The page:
Japan-China islands row overshadows Asean talks


Japan-China islands row overshadows Asean talks

Japan has protested to China after three Chinese fishery patrol ships entered waters near the islands.
They are said to have since left the area.

The row is not on a par with a stand-off between the two countries two years ago, but tension has again been rising between Asia’s two largest economies.

Known as Senkaku in Japan and Diaoyu in China, the islands are located near rich fishing grounds and potentially huge oil and gas reserves.

In Tokyo, the Chinese ambassador was summoned over the ships’ appearance. Japan also lodged a complaint in Beijing, where it was abruptly brushed aside.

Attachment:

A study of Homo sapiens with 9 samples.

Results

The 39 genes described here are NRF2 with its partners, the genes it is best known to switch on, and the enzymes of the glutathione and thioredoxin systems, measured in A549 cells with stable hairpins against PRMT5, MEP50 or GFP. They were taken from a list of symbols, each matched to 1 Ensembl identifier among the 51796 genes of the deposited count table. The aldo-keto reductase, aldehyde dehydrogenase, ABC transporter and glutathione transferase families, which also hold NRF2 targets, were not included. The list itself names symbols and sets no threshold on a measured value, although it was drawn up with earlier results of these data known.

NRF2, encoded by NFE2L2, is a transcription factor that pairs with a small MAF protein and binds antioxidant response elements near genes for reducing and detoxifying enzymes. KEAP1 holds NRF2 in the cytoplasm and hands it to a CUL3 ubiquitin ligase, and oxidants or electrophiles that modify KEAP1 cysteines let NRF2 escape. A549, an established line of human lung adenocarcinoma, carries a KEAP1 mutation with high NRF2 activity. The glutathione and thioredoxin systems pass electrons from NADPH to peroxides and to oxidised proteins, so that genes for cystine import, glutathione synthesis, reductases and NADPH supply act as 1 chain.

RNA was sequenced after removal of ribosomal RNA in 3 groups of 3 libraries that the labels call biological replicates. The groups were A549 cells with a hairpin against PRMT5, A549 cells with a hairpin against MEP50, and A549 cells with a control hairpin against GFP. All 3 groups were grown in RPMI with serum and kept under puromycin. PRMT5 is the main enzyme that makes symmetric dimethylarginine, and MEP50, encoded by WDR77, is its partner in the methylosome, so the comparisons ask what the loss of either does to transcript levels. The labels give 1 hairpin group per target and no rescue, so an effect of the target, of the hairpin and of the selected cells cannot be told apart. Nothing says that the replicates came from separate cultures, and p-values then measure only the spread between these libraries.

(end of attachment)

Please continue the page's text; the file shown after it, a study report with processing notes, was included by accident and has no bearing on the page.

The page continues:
“The Diaoyu islands and surrounding waters have been Chinese territory since ancient times,” said Chinese foreign ministry spokesman Liu Weimin.

“Chinese fishery patrol boats went into Chinese-administered waters in a routine manner during the fishing off season in accordance with Chinese law.”

Last weekend, Japan’s prime minister Yoshihiko Noda backed an idea from Tokyo’s governor whereby Japan would buy the islands, now privately-owned by Japanese citizens and leased to the central government.

“The Senkaku islands are without a doubt, in terms of history and international law, our territory,” he said. “We are in control of them.”

Senkaku in Japanese, Diaoyu in Chinese… and Tiaoyutai in Taiwanese. Taipei also claims the islands, and a week ago flexed its muscles over the issue.

Activists and fishermen confronted the Japanese coastguard in the area, a historical fishing area also for Taiwan.

There was a small collision but no serious conflict.